John Edwards case was once thought too sensitive, Justice official says.

In the wake of John Edwards’s acquittal and mistrial this week, three Justice Department officials said that, although the department initially had concerns about the investigation begun by a North Carolina prosecutor, it eventually became full partners in the case.

The officials, who spoke on the condition of anonymity to discuss internal matters, said that the Obama administration had inherited the investigation launched by former U.S. attorney George Holding of North Carolina’s Eastern District, who had been appointed by President George W. Bush.

One Justice official said that the case was considered politically sensitive and “it would be seen as a bad thing if we protected John Edwards and interfered in the North Carolina investigation by a Republican U.S. attorney.”

As Attorney General Eric H. Holder Jr.’s Justice Department began appointing new U.S. attorneys across the country, he was urged by both senators from North Carolina — Democrat Kay Hagan and Republican Richard Burr — not to replace Holding. The prosecutor was in the middle of the investigation into whether Edwards had violated campaign finance laws, as well as a second political probe.

Hagan, who had just been elected, called the White House to recommend that Justice officials leave Holding in place until the investigation was complete.

“It is of the utmost importance to me, as well as to the people of North Carolina, that we ensure this process is carried out as transparently and honestly as possible,” Hagan said in a statement at the time.

As the investigation proceeded, one Justice official said, “people were squeamish about the theory of the prosecution but were reluctant to interfere with a U.S. attorney in the field.”

But by 2011, it was clear that high-ranking Justice officials were fully on board and had approved the indictment of Edwards.

“As this indictment shows, we will not permit candidates for high office to abuse their special ability to access the coffers of their political supporter to circumvent our election laws,” Assistant Attorney General Lanny A. Breuer said in announcing the indictment in June 2011. A month later, Holding resigned to run for Congress.

At the time, an array of legal experts, including former prosecutors, questioned the wisdom of bringing the charges against Edwards, saying it was an aggressive interpretation of campaign finance laws.

Melanie Sloan, a former federal prosecutor and executive director of Citizens for Responsibility and Ethics in Washington, at the time called the Edwards case “remarkably weak.”

On Friday, Jack Smith, chief of Justice’s Public Integrity Section, would not discuss the case or comment on whether the department plans to retry Edwards. Generally in public corruption cases, he said, “our job is to look at the facts and then look at the law and apply the facts to the law.”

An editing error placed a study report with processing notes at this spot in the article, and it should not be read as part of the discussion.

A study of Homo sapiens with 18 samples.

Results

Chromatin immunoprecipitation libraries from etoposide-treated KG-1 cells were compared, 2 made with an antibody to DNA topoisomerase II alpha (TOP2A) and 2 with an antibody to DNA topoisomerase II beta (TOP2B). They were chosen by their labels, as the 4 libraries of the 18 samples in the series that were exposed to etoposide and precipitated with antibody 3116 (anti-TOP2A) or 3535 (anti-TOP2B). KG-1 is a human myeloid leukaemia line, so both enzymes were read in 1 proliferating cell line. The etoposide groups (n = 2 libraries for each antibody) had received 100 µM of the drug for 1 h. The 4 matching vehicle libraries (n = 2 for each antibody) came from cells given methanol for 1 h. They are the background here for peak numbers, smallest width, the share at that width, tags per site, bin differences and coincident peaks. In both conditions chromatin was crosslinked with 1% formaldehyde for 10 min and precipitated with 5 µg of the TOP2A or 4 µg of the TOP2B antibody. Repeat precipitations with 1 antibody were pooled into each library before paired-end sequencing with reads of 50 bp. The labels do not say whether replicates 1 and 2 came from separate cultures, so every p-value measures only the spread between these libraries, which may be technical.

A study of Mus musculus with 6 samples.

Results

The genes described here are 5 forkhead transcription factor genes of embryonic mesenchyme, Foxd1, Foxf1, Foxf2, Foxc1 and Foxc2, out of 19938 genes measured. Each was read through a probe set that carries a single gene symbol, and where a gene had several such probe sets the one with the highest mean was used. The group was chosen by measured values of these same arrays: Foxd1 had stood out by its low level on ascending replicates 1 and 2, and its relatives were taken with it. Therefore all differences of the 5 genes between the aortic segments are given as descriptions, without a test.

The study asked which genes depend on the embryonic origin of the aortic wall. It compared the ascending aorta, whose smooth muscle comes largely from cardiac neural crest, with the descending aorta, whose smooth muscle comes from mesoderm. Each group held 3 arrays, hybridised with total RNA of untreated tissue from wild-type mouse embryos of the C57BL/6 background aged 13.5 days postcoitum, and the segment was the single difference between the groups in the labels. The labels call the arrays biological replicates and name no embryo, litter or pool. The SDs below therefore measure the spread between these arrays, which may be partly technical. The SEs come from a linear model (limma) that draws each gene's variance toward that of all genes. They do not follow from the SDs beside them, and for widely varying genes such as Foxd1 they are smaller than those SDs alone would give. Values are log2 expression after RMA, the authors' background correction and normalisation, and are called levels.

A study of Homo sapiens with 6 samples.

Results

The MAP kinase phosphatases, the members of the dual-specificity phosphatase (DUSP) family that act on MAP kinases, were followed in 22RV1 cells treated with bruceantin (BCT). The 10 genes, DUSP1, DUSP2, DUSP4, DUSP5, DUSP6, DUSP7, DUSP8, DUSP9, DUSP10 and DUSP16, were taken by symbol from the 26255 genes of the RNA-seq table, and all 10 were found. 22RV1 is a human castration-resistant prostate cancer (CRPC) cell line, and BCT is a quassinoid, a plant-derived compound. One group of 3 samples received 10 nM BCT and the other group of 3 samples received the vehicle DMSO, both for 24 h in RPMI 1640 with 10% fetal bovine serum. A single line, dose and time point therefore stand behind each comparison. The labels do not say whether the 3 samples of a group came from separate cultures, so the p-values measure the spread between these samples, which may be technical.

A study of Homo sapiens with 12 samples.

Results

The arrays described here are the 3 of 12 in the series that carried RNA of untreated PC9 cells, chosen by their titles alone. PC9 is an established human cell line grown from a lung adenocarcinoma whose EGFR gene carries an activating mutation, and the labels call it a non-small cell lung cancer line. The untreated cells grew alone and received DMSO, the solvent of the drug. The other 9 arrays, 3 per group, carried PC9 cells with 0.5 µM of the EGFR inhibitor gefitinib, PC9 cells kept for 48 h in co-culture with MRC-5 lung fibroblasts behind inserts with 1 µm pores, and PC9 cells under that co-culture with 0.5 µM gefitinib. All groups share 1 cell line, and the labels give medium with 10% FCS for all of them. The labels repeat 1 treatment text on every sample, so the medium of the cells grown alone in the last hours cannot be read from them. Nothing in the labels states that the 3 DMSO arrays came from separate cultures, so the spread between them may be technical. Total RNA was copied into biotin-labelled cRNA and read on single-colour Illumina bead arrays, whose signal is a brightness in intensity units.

Last fall, when attorneys for Edwards accused prosecutors of political motivation in the case, Justice officials disputed that notion, saying the charges were being brought by career prosecutors, both in North Carolina and Washington.

On Friday, some jurors recounted their deliberations on NBC’s “Today” show and ABC’s “Good Morning America,” painting a picture of a deeply divided jury riven by a stubborn minority that wanted to convict Edwards of campaign finance violations and an equally headstrong majority that did not think the prosecution proved its case.

A key question was whether Edwards knew about $1 million in payments from Virginia heiress Rachel “Bunny” Mellon and Edwards’s campaign finance chairman, Fred Baron, to cover up his affair with Rielle Hunter.

Juror Ladonna Foster said on the “Today” show that she thinks “Edwards had some knowledge. I think he definitely had some knowledge of the money, where the money was going, especially the money from Mrs. Mellon.” But juror Cindy Aquaro said Edwards was “just smart enough to hide it, and we could not find the evidence.”

A key flaw in the prosecution’s case was its reliance on the testimony of Andrew Young, the Edwards aide who built a luxury home with money from Baron and wrote a best-selling book about his experiences with Edwards. 

“I think the credibility of the witness was something that was of utmost importance to us,” jury foreman David Recchion told NBC.

Staff writer Julie Tate contributed to this report.

Sari Horwitz covers the Justice Department and criminal justice issues nationwide for The Washington Post, where she has been a reporter for 30 years. Follow her @SariHorwitz.
Manuel Roig-Franzia is a writer in The Washington Post’s Style section. His long-form articles span a broad range of subjects, including politics, power and the culture of Washington, as well as profiling major political figures and authors.